The Endling

Once there was a young wombat named Benson who lived in a safe, warm wombat hole with his mother and his two aunts, Lillibet and Moss.

One morning after breakfast, Benson went out to ride his bike. He hadn’t gone very far when he noticed something lying under some bushes at the side of the track. He got off his bike and went to have a look. It was a little mouse.

At first he thought it was dead, but then he saw it move a tiny bit. It was very thin and looked really sick. Benson knew his mother would know what to do, so he carefully slid his hanky underneath it and picked it up by the four corners and carried it home.

As soon as she saw it, his mother said, “Oh, the poor thing!” It was hardly as long as Benson’s hand, and it weighed about as much as a leaf.

Benson’s mother looked at the mouse all over, then she said, “I’m sorry, Benson, there really isn’t anything we can do. He’s very, very sick.”

“Is he going to die?” Benson asked.

His mother nodded. “All we can do is make him comfortable. We can’t make him better.”

They got a very soft towel and put it in a small box and laid the little mouse in it.

Aunt Lillibet looked at it carefully and said, “I think it might be a blue-grey mouse. I haven’t seen one for years and years. I thought they were all gone.”

“Nanna will know,” Benson’s mother said. “Benson, would you go and see Nanna and ask her if she can come?”

Nanna stopped what she was doing straight away and came with Benson. “Oh, dear,” she said, “this must be little Timmy. I knew his grandfather, many years ago, before the big drought. They were the last family then, and Timmy and his sister Tippy were just babies.”

Aunt Moss said, “I heard that Tippy died in the big bushfires, so Timmy must be the only one left.”

Benson said, “What do you mean, the only one?”

Nanna sat down and Benson sat down beside her. “Not so long ago, when I was a girl, there were lots and lots of blue-grey mice, hundreds, maybe even thousands. But they’ve gradually all died out.”

“What made them die?” Benson asked. “Did they get sick, like this one?”

“No, they didn’t get sick,” Nanna said. “Some of them died in the droughts, and some of them died in bushfires. For some of them, the places where they lived were turned into farms, so there was no food for them, and they starved to death. Sometimes the farmers put out poison, because they didn’t want mice eating their grain. Some of them were killed by foxes, or by feral cats or wild dogs.”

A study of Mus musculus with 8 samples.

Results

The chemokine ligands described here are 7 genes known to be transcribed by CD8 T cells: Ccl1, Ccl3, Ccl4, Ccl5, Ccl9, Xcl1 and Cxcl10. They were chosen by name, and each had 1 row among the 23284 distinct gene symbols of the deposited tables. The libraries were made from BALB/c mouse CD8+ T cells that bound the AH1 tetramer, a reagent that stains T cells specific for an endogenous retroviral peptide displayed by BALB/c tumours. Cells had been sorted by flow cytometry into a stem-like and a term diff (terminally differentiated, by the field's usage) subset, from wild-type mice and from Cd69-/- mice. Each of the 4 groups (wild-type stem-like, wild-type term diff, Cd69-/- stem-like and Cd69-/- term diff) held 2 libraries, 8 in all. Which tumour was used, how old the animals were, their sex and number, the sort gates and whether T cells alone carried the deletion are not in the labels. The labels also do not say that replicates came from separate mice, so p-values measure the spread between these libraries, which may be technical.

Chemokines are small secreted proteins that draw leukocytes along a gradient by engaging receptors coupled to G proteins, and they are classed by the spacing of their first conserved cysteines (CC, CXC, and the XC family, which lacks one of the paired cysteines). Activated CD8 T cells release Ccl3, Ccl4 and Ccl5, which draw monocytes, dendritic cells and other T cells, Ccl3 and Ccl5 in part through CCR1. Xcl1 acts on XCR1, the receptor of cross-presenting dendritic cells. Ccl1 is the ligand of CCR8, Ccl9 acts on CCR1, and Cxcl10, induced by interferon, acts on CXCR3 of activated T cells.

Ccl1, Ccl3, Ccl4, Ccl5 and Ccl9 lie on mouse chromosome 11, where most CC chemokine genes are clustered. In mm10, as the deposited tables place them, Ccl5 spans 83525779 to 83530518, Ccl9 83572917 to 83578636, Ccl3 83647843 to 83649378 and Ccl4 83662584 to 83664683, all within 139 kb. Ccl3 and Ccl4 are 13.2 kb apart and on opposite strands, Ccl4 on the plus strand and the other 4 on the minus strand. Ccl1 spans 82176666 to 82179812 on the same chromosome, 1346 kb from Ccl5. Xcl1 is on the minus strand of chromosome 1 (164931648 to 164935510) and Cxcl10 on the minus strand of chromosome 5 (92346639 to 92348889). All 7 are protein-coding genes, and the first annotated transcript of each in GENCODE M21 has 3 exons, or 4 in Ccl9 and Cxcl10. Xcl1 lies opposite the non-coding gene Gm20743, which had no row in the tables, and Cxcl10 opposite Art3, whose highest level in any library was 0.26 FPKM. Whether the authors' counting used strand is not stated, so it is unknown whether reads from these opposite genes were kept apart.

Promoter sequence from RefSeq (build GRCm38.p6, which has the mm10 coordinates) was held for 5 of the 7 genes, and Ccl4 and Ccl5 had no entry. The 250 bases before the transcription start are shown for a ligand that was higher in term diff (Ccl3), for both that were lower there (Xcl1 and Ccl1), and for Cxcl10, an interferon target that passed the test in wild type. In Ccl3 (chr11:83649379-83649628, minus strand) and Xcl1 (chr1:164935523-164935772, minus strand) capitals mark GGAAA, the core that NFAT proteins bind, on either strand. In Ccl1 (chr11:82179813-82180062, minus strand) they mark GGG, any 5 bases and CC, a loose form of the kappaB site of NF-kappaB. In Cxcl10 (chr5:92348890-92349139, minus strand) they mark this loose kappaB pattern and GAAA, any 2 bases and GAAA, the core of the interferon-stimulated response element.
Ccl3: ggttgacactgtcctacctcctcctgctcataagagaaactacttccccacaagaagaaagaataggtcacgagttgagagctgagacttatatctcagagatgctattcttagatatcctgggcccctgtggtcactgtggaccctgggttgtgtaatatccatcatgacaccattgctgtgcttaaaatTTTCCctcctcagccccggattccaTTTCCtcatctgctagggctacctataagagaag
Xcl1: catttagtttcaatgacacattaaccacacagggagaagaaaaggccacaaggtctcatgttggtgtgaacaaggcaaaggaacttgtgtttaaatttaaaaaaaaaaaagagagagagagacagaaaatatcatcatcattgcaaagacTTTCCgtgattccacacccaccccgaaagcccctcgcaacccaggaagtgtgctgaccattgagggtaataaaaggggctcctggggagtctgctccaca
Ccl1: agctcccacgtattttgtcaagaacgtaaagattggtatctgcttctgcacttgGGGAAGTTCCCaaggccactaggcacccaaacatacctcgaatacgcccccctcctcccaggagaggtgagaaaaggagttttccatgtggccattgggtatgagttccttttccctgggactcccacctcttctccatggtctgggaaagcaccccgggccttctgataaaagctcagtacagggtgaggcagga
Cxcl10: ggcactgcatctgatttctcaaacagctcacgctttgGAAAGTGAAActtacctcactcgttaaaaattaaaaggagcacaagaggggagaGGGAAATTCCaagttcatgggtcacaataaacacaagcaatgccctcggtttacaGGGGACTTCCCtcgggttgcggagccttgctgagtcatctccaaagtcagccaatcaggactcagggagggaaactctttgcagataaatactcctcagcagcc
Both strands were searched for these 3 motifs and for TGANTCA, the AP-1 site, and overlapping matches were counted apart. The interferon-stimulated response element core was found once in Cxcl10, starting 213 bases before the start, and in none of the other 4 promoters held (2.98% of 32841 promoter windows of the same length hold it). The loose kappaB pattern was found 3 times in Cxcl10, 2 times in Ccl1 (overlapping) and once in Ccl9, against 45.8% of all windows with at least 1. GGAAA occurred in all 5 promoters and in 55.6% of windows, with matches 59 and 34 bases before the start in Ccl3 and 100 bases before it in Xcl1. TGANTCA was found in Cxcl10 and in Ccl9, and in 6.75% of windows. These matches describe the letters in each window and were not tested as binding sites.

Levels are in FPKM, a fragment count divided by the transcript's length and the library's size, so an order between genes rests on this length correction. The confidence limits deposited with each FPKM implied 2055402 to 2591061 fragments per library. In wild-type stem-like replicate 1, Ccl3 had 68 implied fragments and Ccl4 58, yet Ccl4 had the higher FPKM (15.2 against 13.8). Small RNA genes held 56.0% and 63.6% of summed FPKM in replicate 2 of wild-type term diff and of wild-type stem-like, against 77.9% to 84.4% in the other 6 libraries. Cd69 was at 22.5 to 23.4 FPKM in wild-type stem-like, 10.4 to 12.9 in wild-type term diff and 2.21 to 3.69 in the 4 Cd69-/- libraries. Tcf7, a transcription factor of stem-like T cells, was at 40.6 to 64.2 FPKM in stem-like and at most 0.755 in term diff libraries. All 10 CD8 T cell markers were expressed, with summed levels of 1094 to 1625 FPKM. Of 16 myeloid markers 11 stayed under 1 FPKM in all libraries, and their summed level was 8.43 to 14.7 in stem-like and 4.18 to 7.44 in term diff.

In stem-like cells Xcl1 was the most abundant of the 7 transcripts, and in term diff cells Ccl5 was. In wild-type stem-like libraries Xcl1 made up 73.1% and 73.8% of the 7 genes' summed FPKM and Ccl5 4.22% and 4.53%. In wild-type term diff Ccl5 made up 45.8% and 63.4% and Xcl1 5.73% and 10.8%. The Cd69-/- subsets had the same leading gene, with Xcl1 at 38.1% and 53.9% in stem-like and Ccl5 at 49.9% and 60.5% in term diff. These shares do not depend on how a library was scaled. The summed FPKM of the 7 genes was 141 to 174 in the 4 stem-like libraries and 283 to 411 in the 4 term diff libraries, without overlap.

Aunt Moss said, “After a while there were hardly any left, and one by one they died too. Timmy is the very last blue-grey mouse.”

“The last one?” Benson said, horrified. “And then there’ll be no more? Not even one?” Benson couldn’t believe that a whole family of animals would be completely gone and never come back again.

“It’s called being extinct,” Nanna said. “It’s a terrible thing. It’s happened to lots of animals over the years. Nobody looked after them, and they all died out.”

Benson huddled down next to Nanna and thought about animals disappearing off the earth, like stars going out in the sky.

“What about wombats?” he said, suddenly worried.

Nanna smiled. “There are lots and lots of wombats, don’t worry,” she said. “There was a time when people tried to kill as many as they could, but now it’s not allowed.”

“Kill them?” Benson couldn’t believe his ears. “People wanted to kill wombats?” He thought about Elmer and Zali and little Zip, and Aunt Moss. “Why? Who would want to kill a wombat?”

“Oh, people have different ways and different ideas,” Nanna said. “Wombats can be a nuisance for farmers, digging holes and pushing down fences. That’s why you should always try to use the wombat gate in a fence.”

Aunt Lillibet said, “We’ve got some cousins in the north of the country, who were very close to becoming extinct. They’re hairy-nosed wombats.”

“What?” Benson couldn’t believe it. Tiny tiny mice he could imagine being eaten up by foxes and cats, but how could big strong wombats die out? “What happened to them? Did someone kill them?”

“Some of them,” Nanna said. “Some of them had their homes destroyed by farmers and builders, so they had no food and no shelter and they died.”

Aunt Lillibet said, “Now there’s a specially protected place for them, with fences to keep wild dogs and cats out, where they can live peacefully and have plenty of food, and no-one is going to hurt them.”

Benson thought about the great big bush where he lived, the creek and the hills. He was glad he didn’t have to live inside a fence to be safe.

The little blue-grey mouse stayed in his soft little nest for the next couple of days, and then he died quietly. Lots of other animals came to say goodbye, possums and dunnarts and koalas and echidnas and lots of rats and other kinds of mice. Some of them brought flowers, and some of them just stood quietly, feeling sad.

Benson’s mother said to them, “This is a sad day for everyone, not just for us but for the whole world. Timmy was just a very little mouse, but he was all of the blue-grey mice left in the world. The same thing could happen to any one of us, no matter how big or small we are. It might be bushfires, or floods, or losing our homes somehow. Because once a creature is gone, it’s gone forever.”

Benson looked at all the different animals and birds who had come to say goodbye to the mouse, and he tried to imagine what it would be like with no koalas, or no echidnas, or no wombats. “What are we going to do?” he asked his mother.

“All we can do is look after the bush and look after each other,” his mother said. “The rest is up to other people.”

Want to listen to Benson’s own podcast? Search for ‘Stories of Benson the Wombat, his family and friends’ and listen to stories read aloud by the author.